Our house was on the corner of a neighborhood densely populated with families about the same ages as ours so Halloween was a big deal. Each year, we would have a big pot of curried pumpkin soup, plenty of pizza, cold beer and wine. Several families would meet up for a quick bite to eat and then load up with some road beverages and a passel of trick-or-treaters. I would head out with several friends as our kids scoured the streets for the best offerings. We tried to stay close enough to make sure everyone (mostly) behaved but far enough away so the kids did not think we were hovering. However, we were often still chatting with a neighbor at his front door while the kids were two or three houses ahead of us.
When the kids were really little, they could barely hang in there for an hour. We would return to our house to swap duty, sending the menfolk out to forage, as we hung back with the younger kids and a fresh glass of wine. There was a steady stream of trick-or-treaters young and old, including the parents who came to rely on us as a refueling station. Unless someone was sick or otherwise detained, we could all count on Halloween as an exhausting but fun-filled evening.
Now that the kids are older, our role in Halloween is becoming more and more behind the scenes. Emily is now away at UCSB, home of the largest annual Halloween street party in the state of California. Some 40 to 50 thousand kids flock to Isla Vista each year where the partying starts two days before and does not end until a day or two after Halloween. We try not to think too much about what was going on but we are thrilled to know she survived unscathed. Joey went to a party with a friend in coordinating thrift store outfits that they picked up earlier that afternoon. I cannot say exactly what he was dressed as but his costume included neon colored beach pants and "Bud Light" Mardi Gras beads. Jack was a crazed clown, sporting a rubber mask and his favorite shirt which reads "It's my brother's fault."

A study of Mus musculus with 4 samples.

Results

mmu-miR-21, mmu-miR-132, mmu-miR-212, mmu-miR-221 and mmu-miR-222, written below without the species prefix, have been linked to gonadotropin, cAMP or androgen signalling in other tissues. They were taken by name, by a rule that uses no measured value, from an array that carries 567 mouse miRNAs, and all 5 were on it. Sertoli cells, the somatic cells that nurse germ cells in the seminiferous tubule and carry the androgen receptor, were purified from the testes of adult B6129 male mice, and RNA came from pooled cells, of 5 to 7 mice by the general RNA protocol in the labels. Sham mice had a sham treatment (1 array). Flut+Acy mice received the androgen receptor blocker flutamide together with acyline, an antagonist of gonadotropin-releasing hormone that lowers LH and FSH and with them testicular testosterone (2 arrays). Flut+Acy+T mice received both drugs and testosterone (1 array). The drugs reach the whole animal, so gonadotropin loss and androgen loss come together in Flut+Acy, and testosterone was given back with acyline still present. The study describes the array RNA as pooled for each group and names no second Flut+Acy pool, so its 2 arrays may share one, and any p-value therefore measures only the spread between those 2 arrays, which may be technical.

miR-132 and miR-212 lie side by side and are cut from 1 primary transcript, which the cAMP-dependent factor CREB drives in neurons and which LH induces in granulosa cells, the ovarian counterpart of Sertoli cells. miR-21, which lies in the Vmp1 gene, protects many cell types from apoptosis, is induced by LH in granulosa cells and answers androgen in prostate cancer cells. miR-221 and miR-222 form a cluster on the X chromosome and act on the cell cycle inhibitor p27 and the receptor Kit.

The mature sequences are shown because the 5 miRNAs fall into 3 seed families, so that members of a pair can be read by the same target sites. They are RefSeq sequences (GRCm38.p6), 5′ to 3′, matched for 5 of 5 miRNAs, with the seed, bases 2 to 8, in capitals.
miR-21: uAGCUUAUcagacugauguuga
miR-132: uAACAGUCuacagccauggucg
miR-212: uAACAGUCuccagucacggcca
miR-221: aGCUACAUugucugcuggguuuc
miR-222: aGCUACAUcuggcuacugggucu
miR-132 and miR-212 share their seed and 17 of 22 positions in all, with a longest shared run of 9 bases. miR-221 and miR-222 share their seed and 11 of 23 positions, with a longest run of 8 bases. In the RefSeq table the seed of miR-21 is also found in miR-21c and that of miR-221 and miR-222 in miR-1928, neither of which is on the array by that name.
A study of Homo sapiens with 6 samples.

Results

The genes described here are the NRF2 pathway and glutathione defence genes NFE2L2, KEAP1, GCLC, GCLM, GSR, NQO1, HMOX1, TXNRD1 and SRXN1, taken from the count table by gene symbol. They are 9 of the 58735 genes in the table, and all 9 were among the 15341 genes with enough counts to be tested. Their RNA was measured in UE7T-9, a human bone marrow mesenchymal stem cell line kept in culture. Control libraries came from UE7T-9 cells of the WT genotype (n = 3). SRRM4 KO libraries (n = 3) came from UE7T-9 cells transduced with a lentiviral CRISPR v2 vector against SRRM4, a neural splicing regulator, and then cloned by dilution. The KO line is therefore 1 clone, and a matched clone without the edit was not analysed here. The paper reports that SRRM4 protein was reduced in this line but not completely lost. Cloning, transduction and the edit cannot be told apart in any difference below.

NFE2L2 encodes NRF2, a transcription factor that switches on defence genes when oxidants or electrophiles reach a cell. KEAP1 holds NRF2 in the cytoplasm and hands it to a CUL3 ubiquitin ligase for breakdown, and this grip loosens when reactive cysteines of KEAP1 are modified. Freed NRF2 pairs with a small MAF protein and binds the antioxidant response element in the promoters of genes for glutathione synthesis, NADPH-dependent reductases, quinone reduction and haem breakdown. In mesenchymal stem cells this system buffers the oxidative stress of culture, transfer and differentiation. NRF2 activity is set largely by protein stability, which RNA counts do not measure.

I took Jack and four of his friends to a festive street a couple miles away. Virtually the whole street decorates big for Halloween and there are thousands of people milling about. It is quite a spectacle. While the kids delight in the carnival atmosphere, they complain about the slim pickings in the treats department. Make no doubt about it, this is a well managed process and each child gets one small piece of candy from each house. Many families have dispensing stations set up at the end of their driveways in an effort to promote efficiency and protect their landscaping. Although I usually bump into someone I know, I could easily wander about anonymously as I do not know any of the families who live on the street. I cannot quite come to terms with the fact that we drove here. When did Halloween become a destination?
While I wax nostalgically for the Halloweens of old, I realize that this transition would have occurred regardless of where we lived. Halloween is a holiday for kids and my kids are growing up. Jack is 11 years old and I doubt he will want me trick-or-treating with him and his buddies next year. Al says I can stay home with him and pass out candy, probably watching a baseball game while we are waiting for the doorbell to ring. I can delight in the faces of a new crop of children who watch wide-eyed as I drop handfuls of full-sized candy bars into their bags. Sounds okay. But I will cherish the memories and the ghosts of Halloween past.